Monday, June 24, 2013

Waukee, IA - Day 30

At Kearney, the land was flat and mostly under cultivation in corn.  I can see where the University of Nebraska football team, The Cornhuskers, get their name.  I stayed overnight at the Fort Kearny State Recreation Park. It was a nice state park campground with 6 small ponds for fishing.  Next to the campground was Historic Fort Kearny.   The fort is all but gone, but there is a small museum and one building left from the 1848 fort.  The fort was built to protect the travelers on the Oregon and Mormon trails, which followed the Platte River west.  Once the railroad was built in 1869, the fort’s importance was diminished and by 1871 is was abandoned.


I left Kearney and got on I-80 going east.  I was back on the interstate, which I hadn’t been on for over 3 weeks.  Eastern Nebraska is flat with much of the land planted in corn.  Its also pretty well developed..  Once I crossed the Missouri River into Iowa, the terrain changed.  The flat land became hilly with gullies and gulches. 


I was familiar with this terrain, the constant ups and downs, from the year I did RAGBRAI.  Every year in July, the Des Moines Register sponsors a bike ride across Iowa - Registers Annual Great Bike Ride Across Iowa.  It’s the largest organized bike ride in the US.  The purpose of the ride is to highlight the small towns of Iowa.  Each year the route changes and towns lobby to be on the route, either as a pass thru town or a lay over town.  The year I did it, in 2006, there were over 15,000 people on the ride, which included Lance Armstrong.  The ride goes from the Missouri River to the Mississippi River and is usually over 400 miles long. For a small town, it’s the biggest thing that will happen to the town that year when 15,000 people show up who want to eat, drink, and find a place to sleep.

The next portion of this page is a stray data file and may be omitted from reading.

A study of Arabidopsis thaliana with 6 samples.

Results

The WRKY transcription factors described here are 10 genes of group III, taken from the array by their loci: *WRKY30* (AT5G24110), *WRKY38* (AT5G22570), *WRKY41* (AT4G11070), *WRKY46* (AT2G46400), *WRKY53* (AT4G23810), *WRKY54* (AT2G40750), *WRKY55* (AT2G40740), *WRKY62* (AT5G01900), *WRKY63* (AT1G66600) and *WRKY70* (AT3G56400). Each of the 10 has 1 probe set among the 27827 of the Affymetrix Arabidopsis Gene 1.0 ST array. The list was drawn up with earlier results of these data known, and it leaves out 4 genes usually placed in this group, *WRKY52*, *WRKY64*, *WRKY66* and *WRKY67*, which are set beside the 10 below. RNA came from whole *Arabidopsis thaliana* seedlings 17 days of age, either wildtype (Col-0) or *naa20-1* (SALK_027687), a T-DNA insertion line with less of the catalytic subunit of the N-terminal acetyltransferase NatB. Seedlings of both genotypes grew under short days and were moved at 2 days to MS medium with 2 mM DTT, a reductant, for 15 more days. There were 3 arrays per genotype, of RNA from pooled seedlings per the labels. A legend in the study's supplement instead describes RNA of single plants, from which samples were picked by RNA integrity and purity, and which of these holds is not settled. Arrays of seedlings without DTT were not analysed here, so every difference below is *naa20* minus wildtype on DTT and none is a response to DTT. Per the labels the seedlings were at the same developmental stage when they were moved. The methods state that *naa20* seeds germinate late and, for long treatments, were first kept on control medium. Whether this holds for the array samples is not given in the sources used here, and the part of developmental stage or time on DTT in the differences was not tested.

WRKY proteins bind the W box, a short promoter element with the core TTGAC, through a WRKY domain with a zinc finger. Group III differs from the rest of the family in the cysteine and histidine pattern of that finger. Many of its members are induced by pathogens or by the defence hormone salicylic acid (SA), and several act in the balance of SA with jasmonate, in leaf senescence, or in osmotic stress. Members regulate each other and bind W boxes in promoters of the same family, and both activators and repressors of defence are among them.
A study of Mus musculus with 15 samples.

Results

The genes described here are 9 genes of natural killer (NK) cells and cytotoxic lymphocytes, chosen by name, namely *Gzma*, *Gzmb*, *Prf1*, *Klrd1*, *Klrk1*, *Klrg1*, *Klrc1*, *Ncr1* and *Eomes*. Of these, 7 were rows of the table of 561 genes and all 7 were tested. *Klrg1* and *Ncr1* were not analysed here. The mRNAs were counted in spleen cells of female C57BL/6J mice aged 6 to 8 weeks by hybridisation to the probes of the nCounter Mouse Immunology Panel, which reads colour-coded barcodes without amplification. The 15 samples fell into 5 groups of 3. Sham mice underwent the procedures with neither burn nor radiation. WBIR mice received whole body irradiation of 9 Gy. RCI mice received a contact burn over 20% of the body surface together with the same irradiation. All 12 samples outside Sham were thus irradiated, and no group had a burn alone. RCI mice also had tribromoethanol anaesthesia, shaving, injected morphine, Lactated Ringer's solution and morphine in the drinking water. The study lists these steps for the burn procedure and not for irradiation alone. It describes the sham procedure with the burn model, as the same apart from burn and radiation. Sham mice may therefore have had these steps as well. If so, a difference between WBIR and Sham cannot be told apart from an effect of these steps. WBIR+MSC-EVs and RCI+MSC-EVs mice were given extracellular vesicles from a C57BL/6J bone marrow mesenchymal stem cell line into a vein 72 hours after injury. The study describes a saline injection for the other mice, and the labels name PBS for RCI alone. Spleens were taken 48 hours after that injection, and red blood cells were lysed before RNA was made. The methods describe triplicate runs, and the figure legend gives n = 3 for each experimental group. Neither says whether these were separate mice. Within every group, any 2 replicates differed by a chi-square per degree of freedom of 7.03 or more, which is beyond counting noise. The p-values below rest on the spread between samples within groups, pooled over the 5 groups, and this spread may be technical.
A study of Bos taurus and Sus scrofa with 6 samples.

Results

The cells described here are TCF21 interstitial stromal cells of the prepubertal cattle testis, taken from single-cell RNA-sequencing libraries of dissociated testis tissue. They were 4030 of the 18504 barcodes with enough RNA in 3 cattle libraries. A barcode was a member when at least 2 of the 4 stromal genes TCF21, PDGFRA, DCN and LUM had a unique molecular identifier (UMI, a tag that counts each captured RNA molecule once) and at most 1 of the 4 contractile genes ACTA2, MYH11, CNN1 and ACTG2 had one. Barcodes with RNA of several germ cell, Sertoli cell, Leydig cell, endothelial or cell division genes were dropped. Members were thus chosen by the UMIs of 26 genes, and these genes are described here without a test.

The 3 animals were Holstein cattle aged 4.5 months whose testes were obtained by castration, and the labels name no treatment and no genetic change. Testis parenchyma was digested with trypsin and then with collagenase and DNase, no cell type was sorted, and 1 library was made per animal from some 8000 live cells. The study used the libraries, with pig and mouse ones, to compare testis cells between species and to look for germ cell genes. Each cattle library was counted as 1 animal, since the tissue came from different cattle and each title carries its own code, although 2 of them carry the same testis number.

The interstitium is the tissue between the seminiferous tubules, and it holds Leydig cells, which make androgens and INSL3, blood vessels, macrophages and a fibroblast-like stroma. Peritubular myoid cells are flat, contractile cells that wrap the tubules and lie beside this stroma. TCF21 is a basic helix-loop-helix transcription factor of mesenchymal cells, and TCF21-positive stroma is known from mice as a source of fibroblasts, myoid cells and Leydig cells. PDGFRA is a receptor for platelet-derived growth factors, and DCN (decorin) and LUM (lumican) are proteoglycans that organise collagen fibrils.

In 2006, Waukee, IA was a layover town for us to spend the night on the third day of the ride.  I decided to revisit my RAGBRAI experience and make that my layover stop for this trip.  Waukee is just outside of Des Moines.  Its medium size with about 13,000 people.  In 2006, I had to ride over 70 miles to get to Waukee.  It was hot, in the 90’s type of hot.  By the time I came into Waukee, I was whipped from the heat and hills, but there was a welcome surprise. As we pushed up the last long hill into the town, the towns folk had gathered along  the side of the road and were welcoming us by handing out Hawaiian Leis and shooting at us with super soakers and spraying us from garden hoses.  The cold water hitting my sweat soaked body felt so good.

Our group camped in a small park near the high school.  That night, the group I was with catered a special dinner for us.  They hired “The Pork Chop Man” to feed us his special Iowa cut pork chops with all the fixins.  The Pork Chop man was a legend on RAGBRAI.  He had a big pink school bus that served as his smoker and food delivery stand and he would stand out side yelling  Pork Chooooooooop! As the riders went by.  The pork chop I had that night was the biggest piece of meat I’ve ever eaten.  It was about 2 inches thick, covered my plate, and had a bone for a handle.  It was the type of thing a caveman would eat. 

I remember that night for another reason.  We had tornado warnings.  The police came by and told us about it and instructed us to go the high school in case we heard the tornado sirens.  Image 15,000 people camped in tents running to shelters from a tornado,.  It would be mayhem and a disaster.  Luckily we heard no sirens, but we had horrific thunder and lighting with lots of heavy rain and gusty winds.  I remember it well because I laid on my cot in my tent all night fully dressed in my biking clothes wearing my rain coat, with everything I owned packed up holding onto the tent poles hoping I wouldn’t get sucked up by an F5.  There was no sleep that night in Waukee.  But the next day arrived with just some flooded and knocked down tents.   By 6:00 am I was back on my bike riding north around Des Moines to the next small town in search of food.  You can read my trip journal on the whole RAGBRAI 2006 ride at

RAGBRAI 2006 Journal 

This time my stay in Waukee was uneventful, but it brought back some good and vivid memories.  RAGBRAI was the hardest thing I’ve ever done, but also one of them most rewarding.  I got to see and experience the real Iowa.  This time it would be just a couple of days on the Interstate.